October 26, 2020

Decluttering your Home (and your Medicine)

If you’re not one of those people who has everything in order and their house consistently clean and tidy, you probably know the feeling: things you would like to sort sometime in the future pile up here and there, desks and shelves fill up over time, cupboards spill over with clothes and things you ‘might still wear’ or ‘don’t want to throw away’. You have the nagging feeling that you should do something about all this clutter, but you can’t really get started doing it.

So why get rid of the extra stuff at all? A decluttered home will not only look better, but it will also make you feel more energized. Because your home is such an important part of yourself, decluttering and letting the energy flow again can have such a great impact.

So why do things get stuck in the first place? There are many reasons why we hold onto stuff, including:

  • An attitude of ‘I could still use this sometime’
  • Nostalgia
  • Fear of having regrets about throwing things away
  • Fear of letting go of familiar things
  • Fear of giving away gifts you don’t use or like

While these are reasonable arguments, they can also keep you from letting go of things that you haven’t used in years or will probably never use again. For bestselling author and organizing guru Marie Kondo, the criteria for keeping things or getting rid of them should be if they spark joy within you while you look at them while decluttering. Another consideration can be if you haven’t used them within the last year or so.

Despite all the good reasons to start decluttering, the task can be overwhelming. To not fall into the trap of having good intentions but not finding a starting point, you could start with just a tiny habit. Take a look at things in one corner at a specific time for 5 minutes a day. Or just take 5 items and decide what to do with them. If you do this every day, you will make some headway soon, feel better, and the tiny habit will probably grow into a bigger one.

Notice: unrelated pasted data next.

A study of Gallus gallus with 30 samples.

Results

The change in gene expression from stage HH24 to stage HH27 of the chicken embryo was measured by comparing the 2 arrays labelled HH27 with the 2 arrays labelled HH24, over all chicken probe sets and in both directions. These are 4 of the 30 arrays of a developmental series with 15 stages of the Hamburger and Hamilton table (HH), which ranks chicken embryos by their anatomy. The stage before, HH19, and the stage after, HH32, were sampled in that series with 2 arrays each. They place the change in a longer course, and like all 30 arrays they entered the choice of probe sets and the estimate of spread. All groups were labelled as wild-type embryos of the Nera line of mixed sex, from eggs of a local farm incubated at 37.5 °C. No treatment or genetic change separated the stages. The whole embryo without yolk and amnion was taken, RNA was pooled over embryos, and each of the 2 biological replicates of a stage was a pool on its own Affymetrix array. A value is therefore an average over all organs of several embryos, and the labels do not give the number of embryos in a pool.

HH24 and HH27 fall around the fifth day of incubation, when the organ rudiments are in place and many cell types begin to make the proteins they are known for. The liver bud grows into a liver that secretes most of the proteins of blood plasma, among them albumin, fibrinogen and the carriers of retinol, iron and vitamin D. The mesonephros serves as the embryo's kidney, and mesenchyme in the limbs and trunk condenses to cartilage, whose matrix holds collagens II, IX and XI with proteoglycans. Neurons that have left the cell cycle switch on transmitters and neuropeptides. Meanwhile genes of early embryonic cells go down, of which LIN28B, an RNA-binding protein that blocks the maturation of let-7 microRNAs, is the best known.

Marie Kondo recommends taking all things of one category, say clothes or books, use her method of deciding if you want to keep them, and give them a good place afterwards.

To clear your old medicine, review each item and check its expiry date. If it is expired, remove its packaging and put it into a container or bag. You can also dispose of any unexpired medicines that you no longer need. Return the expired medicine to the RUM bin at your local pharmacy. By doing this you not only remove potentially harmful and unwanted medicine but you will also ensure that there won’t be any environmental damage or risk to your household from your old medicine.

Just as you will probably feel better after bringing your old medicines to the RUM bin, decluttering other parts of your home will give you an energetic boost as well. And just as there is a way for your old medicines to be disposed of correctly, other things can be recycled, reused, sold, or given away instead of just being thrown away.